When The Crew was first announced by Ubisoft and it was revealed that its creator – Ivory Tower – comprised of many of the key members from Eden Games (makers of the criminally underrated Test Drive Unlimited games), we were genuinely excited. Fast-forward to 2014 and The Crew unfortunately fell for many of the trappings of modern-day open-world games, from its gang war plot to the quantity-over-quality approach to missions.
The good news is that The Crew is brought to us by Ubisoft, the publisher famous for underwhelming (somewhat) with Assassin’s Creed and Watch Dogs and then proceeding to blow our minds with Assassin’s Creed 2 and Watch Dogs 2. And that wonderful trend looks set to continue with The Crew 2, thanks in no small part to the some of the care-free essence of TDU finding its way in.
The change of approach is apparent right off the bat. The Crew 2 isn’t about climbing your way up the pecking order in some underground racing scene, or avenging a dead friend/relative. It is quite simply about racing, putting on a spectacle, and having lots of fun doing it. The game is broadly divided into four disciplines – or families, as they are referred to – and you can choose to focus on the one you like or quadruple-dip in all of them. The latter approach is recommended, at least early on, as some vehicle types and certain missions are unlocked once you explore each of them.
That brings us to the big new addition. If you like speed, The Crew 2 doesn’t restrict you to the road, or even to land. As you unlock all the families, you will gain access to not only two- and four-wheel vehicle types, but also – new to this game – boats and planes. The addition of speedboats and planes are welcome and racing or even free-roaming in them is surprisingly fun.
Outside of racing, you can also choose to free-roam around the game’s scaled down rendition of the continental US across land, water and air, thanks to a nifty mechanic that lets you seamlessly and at any point switch between the three vehicle types. Just a click and push of the right thumb stick an you can go from car to plane or plane to boat in the blink of an eye. Seeing it in action is a thing of beauty and it’s also one of those rare features in games that are so much fun that its easy to spend hours just fiddling around with it.
What it also does is open up many possibilities for crazy stunts and highlight-reel moments, from jumping off a ramp and taking to the skies, to switching from a plane to a boat hundreds of feet in the air and free-falling into a river below. With the large and varied landscape available here and the instant vehicle switching. But while this instant switching is a ton of fun, it remains to be seen how many of the game’s missions actually make use of the mechanic. Many of the missions we played involved a specific vehicle type and while there were also events that involved switching, there didn’t seem to be too many of them.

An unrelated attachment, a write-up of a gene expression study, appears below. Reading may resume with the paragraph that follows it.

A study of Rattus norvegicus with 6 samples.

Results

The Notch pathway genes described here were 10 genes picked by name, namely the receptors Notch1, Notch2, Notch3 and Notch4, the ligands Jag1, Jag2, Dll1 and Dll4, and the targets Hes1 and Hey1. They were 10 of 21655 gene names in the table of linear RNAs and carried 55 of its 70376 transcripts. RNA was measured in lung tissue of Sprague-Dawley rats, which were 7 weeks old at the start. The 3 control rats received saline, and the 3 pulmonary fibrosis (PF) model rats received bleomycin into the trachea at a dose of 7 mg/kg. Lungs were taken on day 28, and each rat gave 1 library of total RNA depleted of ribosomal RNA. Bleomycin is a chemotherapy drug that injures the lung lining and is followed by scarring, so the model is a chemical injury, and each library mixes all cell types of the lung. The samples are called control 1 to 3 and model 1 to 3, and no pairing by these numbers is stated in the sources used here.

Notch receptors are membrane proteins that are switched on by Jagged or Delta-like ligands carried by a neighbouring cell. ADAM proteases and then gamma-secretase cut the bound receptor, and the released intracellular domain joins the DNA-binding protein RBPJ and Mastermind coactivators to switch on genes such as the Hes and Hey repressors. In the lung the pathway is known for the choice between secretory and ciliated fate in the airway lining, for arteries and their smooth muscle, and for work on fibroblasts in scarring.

That being said, the events in The Crew 2 do feel far better in terms of overall quality. The previous game didn’t really have too many memorable missions, but here, most of them feel handcrafted and there’s a real sense of effort having been put in to take advantage of the location where the events take place and making each event feel different.
Those looking for an all-out arcade racer may be in for a surprise because the vehicle handling – across all types – does require a fair amount of caution. It falls somewhere between the forgiving controls of Forza Horizon 3 and the somewhat more stern driving model of Driveclub. You’ll need to put thought into how much speed you carry into turns when in a car, while boats are affected by the choppiness of the water and the speed at which you’re travelling. The only anomaly is the dirt bikes which feel oddly arcady and toy-like to an almost unrealistic degree. Overall, this is still firmly in arcade territory though and with the game’s returning customisation mechanics, you should be able to tweak vehicles to your liking.
The Crew 2 is shaping up to be the game we had hoped The Crew would have been. It removes the clutter, places racing at the centre of the experience, and it doesn’t take itself too seriously. You still have a massive, varied and beautiful open world as your playground, only now with plenty of more toys to play around with. What could possibly go wrong?
The Crew 2 is set for release on 29 June, 2018 for PS4, Xbox One and PC.